Just the word makes me feel all happy. Unless I’m using the word as a replacement for another ‘f’ word when I hurt myself. But generally, when I say fudge, I’m talking about this….
My favourite of allll the fudges is most definitely crème brûlée fudge, which is available from a few places around here. Unfortunately it’s around $5.50 per 100g, and even a few hundred grams sure doesn’t go very far in our house. My aunty bought me a culinary torch a while back that I hadn’t had a chance to
burn myself with use yet, so I decided to give this fudge thing a crack, and then scorch the top into crispy caramelly goodness.
I think people fall into two camps, crumbly fudge lovers or smooth fudge lovers. Since the whole point of crème brulee is the silky smooth custard with crunchy caramel on top, this crème brulee fudge needs to be smooth and melt in your mouth. And it is.
I actually hadn’t made fudge before, and the whole process kinda freaked me out. Especially since I’m a ridiculous perfectionist and I was worried I would cry if it turned out all grainy. Some perusing of the internet and the fabulous book Sugar Baby provided me with three important things to remember…
- Make absolutely sure all of the sugar has dissolved before you bring the syrup to a boil.
- Make absolutely sure you do not stir the mixture until the temperature has dropped below 140°F/60°C. The range given in Sugar Baby is between 43°C-60°C (110°F-140°F). I split the difference and started beating it when it reached about 52°C.
- If the worst happens and your fudge turns out crumbly, you can either learn to love crumbly fudge, or put the whole thing back in the pot with a few tablespoons of cream and start again, reheating it back to 114°C/237°F and following the steps to cool and beat it again.
You can beat the fudge by hand, but as soon as I read that it could take up to 20 minutes for the fudge to thicken, I got out my lazy girl’s best friend (aka my KitchenAid mixer).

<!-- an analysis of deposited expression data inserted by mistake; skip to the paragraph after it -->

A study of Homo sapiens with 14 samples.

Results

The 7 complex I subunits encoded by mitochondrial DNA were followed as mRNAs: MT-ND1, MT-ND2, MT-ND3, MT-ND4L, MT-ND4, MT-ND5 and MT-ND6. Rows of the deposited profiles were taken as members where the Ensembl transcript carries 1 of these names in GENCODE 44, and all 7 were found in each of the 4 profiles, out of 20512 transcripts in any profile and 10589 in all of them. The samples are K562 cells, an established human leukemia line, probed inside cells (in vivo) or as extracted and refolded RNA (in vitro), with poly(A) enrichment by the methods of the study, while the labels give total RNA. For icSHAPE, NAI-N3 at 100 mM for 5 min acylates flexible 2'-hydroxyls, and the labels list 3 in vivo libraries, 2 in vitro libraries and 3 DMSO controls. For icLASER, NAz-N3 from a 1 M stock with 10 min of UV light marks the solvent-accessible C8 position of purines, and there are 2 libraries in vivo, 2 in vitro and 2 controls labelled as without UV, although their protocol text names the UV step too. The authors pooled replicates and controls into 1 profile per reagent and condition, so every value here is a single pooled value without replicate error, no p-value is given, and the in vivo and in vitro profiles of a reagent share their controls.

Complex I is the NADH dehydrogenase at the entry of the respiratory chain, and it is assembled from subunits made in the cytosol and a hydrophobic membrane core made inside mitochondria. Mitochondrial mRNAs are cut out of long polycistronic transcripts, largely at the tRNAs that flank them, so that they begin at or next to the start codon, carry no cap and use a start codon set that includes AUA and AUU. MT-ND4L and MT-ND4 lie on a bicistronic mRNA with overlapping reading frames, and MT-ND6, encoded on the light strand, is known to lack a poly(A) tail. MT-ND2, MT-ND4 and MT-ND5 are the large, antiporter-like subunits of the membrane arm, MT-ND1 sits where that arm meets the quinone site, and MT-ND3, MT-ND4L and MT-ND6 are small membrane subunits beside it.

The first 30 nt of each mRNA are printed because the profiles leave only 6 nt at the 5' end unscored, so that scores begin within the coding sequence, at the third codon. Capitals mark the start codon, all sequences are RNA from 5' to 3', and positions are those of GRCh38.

When you start mixing it will look pretty slimy and gross. Since you’ve remembered not to stir it at all yet, all the butter (and vanilla) is sitting on the top.
Then after a few minutes mixing it will look a bit like shiny cake batter.
When it loses its shine and looks more like soft cookie dough then it’s done.
What you’re aiming for to keep your fudge smooth is to create the smallest possible sugar crystals. Adding the corn syrup or liquid glucose helps to stop the sugar crystallising before you want it to. The recipe I used first called for 1/4 cup of corn syrup, and I had trouble getting it to set, I’m guessing because all that corn syrup was preventing enough crystals from forming to help it set. So I ended up reducing the corn syrup and tinkering with the amount of butter, and it set perfectly. Not too soft, not too firm, lovely and creamy.
To caramelise the top you’ll need a culinary/brûlée torch. Simply sprinkle the top of the fudge with more caster sugar and heat it with the torch until the sugar melts, bubbles and browns. Look Mum, fire (actually she knew, she was holding the torch for me while I snapped a pic.)
Y’know what excited me the most when I made this? That I didn’t accidentally set myself on fire. That, followed by eating the end product… yep, I class that as a good day.